It’s no secret the security industry is facing a workforce shortage. Here’s why you need to hire talent that will embrace emerging trends and technologies.

You can’t make an omelet without breaking a few eggs is an old cliché, but it sure makes a lot of sense, especially in our business. We live in a very traditional business mindset that shuns risks, new ideas and new technologies.

Get over it or get ready for a wake-up call that may be earlier than you want to get up. What could go wrong?

Lots of things, but primarily you will not have the talent/labor needed to keep your business running efficiently. Here is an interesting statistic that was shared at the PSA TEC “State of the Industry” panel; the industry has more than 17,000 job openings and there will be 17,000+ retiring security people this year!

Neither sounds like fun. Let’s think about this trend. Here’s your yummy talent hiring and technology omelet recipe:

  1. What worked in the past won’t work in the future, so give your old ways a hug and say goodbye.
  2. Change is hard, but not changing your hiring processes will be painful in the long run, so adapt, innovate and prevail. Shameless plug; if you are a SIA member check out the free “Employer’s Complete Guide to Hiring,” a 12-step process authored by yours truly and Jayne Boucherle, CSC. We guarantee it will help you!
  3. The next generation does love their technology. Do you stick to the same ol’ same ol’ solutions, or are you taking some calculated risks with new stuff that drives RMR?
  4. Retraining technicians and service teams is a fair point when considering newer technologies, right? That is unless you have new techs who want the challenge, don’t know the difference and you have not yet invested in their training.
  5. But Paul, our sales teams don’t know how to sell newer technologies with different pricing tactics from what they are used to selling!” Please reread No. 4.
  6. Start a “skunk works project” with a new small group; manager, technicians and salespeople, who have high degree of autonomy to create and deliver higher technology or business solutions and are unhampered by bureaucracy. I encourage you to use newer hires who embrace your vision of new opportunities. Existing personnel may carry preconceived biases unless they are really out-of-the-box thinkers and doers. You know, your middle children.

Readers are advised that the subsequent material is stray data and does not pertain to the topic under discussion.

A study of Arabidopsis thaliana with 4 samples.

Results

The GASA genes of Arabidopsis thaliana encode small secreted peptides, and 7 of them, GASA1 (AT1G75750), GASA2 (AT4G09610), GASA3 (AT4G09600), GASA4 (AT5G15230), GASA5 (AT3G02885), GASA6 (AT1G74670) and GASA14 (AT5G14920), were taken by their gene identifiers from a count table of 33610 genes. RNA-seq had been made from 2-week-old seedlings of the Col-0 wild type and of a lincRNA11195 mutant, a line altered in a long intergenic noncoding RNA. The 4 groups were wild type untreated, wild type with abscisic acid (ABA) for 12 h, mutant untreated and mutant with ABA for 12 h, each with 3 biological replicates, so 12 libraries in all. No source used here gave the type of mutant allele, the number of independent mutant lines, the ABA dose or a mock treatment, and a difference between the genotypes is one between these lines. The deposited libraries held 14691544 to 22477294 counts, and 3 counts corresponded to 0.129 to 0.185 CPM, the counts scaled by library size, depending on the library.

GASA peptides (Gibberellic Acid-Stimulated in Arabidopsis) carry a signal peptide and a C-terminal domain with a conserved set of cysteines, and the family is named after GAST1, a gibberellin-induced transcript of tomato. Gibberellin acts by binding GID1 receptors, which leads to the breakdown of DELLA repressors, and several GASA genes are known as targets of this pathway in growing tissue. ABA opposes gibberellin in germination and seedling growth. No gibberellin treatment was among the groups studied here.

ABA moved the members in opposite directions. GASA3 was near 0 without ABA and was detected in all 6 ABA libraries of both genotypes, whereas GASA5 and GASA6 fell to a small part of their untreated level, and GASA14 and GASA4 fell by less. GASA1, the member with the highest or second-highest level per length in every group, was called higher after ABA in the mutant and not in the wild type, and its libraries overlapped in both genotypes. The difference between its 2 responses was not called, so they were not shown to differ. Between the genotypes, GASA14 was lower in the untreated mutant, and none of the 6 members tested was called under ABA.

7. Be creative in your kitchen and look for offerings that will allow you to have a “first mover” niche market advantage with strong margins and RMR to deliver your ROI. Plan on a three-year return window. If you try and compete with the big boys at their price points with same product sets, your accountant will hate you come April 15.
  8. Relationships are a big deal in our industry, specifically those that can work for or against good business planning. They will work against you if they discourage you from exploring new manufacturers because of the loyalty factor, and truth be told some companies are behind the development curve and fear more feature rich products available at lower costs. Relationships will work if you take calculated risks with companies that are new and hungry. They will remember who took them to their first dance.

I have been both an advocate and developer of emerging technology applications for over 30 years. We developed a customer counting system in 1998 and installed it in a pilot program at four national retailers.

We could deliver real-time traffic flow data to support decision-making for staffing levels, as well as optimize advertising effectiveness. The average RMR was $650 per store, compared to $150 in alarm monitoring and service.

Workplace violence, active shooter and extreme violence events continue a disturbing trend upward, according to the FBI statistics. We must all look for ways to help protect our customers with new services and solutions.

The Partner Alliance for Safer Schools (PASS, find it on securityindustry.org) program is a great example of industry leadership by NSCA and SIA to enable integrators to begin productive dialogues.

Biometric access control as a service might be a good example of understanding how newer technologies can deliver business value and growth. They up the security of authorized access, yet lower overall deployment costs. Can you say RMR?

Finally, cybersecurity as a service is a cost-effective and low-overhead vehicle to deliver great business value, and to drive RMR from stickier commercial and residential clientele.

Paul C. Boucherle, Certified Protection Professional (CPP) and Certified Sherpa Coach (CSC), is Security Sales & Integration’s “Business Fitness” columnist. A principal of Matterhorn Consulting, he has more than 30 years of diverse security and safety industry experience including UL central station operations, risk-vulnerability assessments, strategic security program design and management of industry convergence challenges. Boucherle has successfully guided top-tier companies in achieving enhanced ROI resulting from improved sales and operational management techniques. He is a charismatic speaker and educator on a wide range of critical topics relating to the security industry of today and an accomplished corporate strategist and marketer whose vision and expertise in business performance have driven notable enterprise growth in the security industry sector.